So this is sort of a general question but I'll limit the discussion to randomized quicksort to make it clear. Suppose generating "true" random bits is hard, e.g. because it requires measuring something in nature that can be considered essentially "random" like the 50th binary digit after the decimal point in wind speed at some location recorded in miles per hour. Or maybe quantum outcomes observed that can be considered truly random. Whatever. So we do the following: We generate $k$ "truly" random bits and then we re-use these $k$ bits over and over by using a pseudo-random number generator to permute them. In terms of $k$ (the number of initial truly random bits) and in terms of the total count of numbers to be sorted, $n$, and assuming the permutation algorithm of the $k$ initial random bits repeated over and over is known to an adversary, can we assert that an algorithm like quicksort will have good worst-case expected running time, assuming that "random" bits are used in the algorithm in the natural way to choose a pivot? How do $k$ and $n$ play into the worst-case expected running time? If we need $k = \Omega(n \log n)$ initial truly random bits to assure good worst case expected running time, that isn't very interesting. But maybe we can do somewhat ok with asymptotically fewer initial random bits?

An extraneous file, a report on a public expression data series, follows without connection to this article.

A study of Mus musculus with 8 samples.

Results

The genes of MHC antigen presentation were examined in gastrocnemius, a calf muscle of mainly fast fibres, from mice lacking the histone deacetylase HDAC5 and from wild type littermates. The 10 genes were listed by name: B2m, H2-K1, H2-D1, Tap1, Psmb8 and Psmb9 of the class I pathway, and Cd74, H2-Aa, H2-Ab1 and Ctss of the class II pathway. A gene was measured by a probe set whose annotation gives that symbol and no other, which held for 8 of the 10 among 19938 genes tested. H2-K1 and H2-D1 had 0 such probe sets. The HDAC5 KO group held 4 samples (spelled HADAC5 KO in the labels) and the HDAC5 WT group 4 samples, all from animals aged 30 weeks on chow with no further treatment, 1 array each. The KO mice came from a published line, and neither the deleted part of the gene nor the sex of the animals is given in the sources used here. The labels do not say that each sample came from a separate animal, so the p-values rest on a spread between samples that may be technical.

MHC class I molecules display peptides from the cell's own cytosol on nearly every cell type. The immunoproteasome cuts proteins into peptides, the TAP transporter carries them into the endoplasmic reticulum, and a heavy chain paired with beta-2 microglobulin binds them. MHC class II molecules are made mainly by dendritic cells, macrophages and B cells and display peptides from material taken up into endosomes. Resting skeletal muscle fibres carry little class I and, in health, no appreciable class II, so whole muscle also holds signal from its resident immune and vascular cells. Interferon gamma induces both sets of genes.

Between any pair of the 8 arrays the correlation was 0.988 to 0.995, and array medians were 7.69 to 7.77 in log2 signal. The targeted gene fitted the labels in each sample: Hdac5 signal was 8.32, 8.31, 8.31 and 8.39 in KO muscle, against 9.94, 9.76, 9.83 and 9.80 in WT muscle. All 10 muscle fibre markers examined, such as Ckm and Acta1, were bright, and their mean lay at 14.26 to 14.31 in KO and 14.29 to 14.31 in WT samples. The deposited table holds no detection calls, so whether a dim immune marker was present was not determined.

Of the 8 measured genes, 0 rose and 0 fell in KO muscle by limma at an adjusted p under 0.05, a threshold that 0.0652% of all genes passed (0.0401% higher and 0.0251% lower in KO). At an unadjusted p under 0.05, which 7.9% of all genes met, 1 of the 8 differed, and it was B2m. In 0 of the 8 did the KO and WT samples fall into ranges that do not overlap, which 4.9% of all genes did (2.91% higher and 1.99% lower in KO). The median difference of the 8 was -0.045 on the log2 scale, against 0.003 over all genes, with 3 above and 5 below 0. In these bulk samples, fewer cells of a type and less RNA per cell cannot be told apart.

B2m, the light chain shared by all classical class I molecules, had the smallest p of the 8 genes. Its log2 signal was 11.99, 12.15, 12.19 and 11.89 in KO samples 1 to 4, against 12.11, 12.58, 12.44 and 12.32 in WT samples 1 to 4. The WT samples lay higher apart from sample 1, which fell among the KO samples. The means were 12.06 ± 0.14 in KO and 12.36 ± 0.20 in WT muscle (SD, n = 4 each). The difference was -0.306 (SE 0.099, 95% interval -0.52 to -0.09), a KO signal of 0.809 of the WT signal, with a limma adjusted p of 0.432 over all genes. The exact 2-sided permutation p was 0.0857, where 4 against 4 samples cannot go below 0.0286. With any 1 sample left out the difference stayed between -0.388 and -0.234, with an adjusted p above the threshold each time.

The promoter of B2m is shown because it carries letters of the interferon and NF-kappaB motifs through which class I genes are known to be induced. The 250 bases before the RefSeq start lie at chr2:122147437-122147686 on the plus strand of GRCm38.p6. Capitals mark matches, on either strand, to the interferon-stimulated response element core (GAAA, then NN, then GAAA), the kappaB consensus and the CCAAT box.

The question you're asking deals with the topic of derandomization, and you're proposing a specific technique for derandomization, namely using pseudorandom number generators. There are other techniques suck as using k-wise independent distributions and the method of conditional expectations. The holy grail in the field is proving the conjecture P=BPP, which states (informally) that we can always get rid of randomness, though the resulting algorithm could be slower; more precisely, it states that if you have a randomized polytime algorithm for something, then there exists a deterministic polytime algorithm for the same problem.
In your particular case, you don't need random bits at all, since you can use the linear time median algorithm to guarantee a running time of $O(n\log n)$ for quicksort. The AKS deterministic primality test is likewise a specific derandomization of randomized primality testing. P=BPP, in contrast, gives a general derandomization technique that works for every (polytime) algorithm; ad hoc derandomizations are still meaningful, since they could be more efficient (like in the quicksort example).
If your adversary knows the $k$ input bits and your PRNG, they can apply the techniques used in McIllroy "A Killer Adversary for Quicksort", Software: Practice & Experience 29:4 (1999), pp. 341-344, and you are toast. How large $k$ has to be to make this infeasible to brute-force is another question.
No, "randomized quicksort" doesn't guarantee anything, it just makes the bad case(s) shift around at random (so it is very unlikely to hit them repeatedly with somewhat repeatable input permutations, as are common in "real world" uses). If you want some sort of guarantee, look for Musser "Introspective Sorting and Selection Algorithms", Software: Practice & Experience 27(8) (1997), pp. 983-993 (Introsort). Most standard C/C++ libraries use some variant of this for sorting.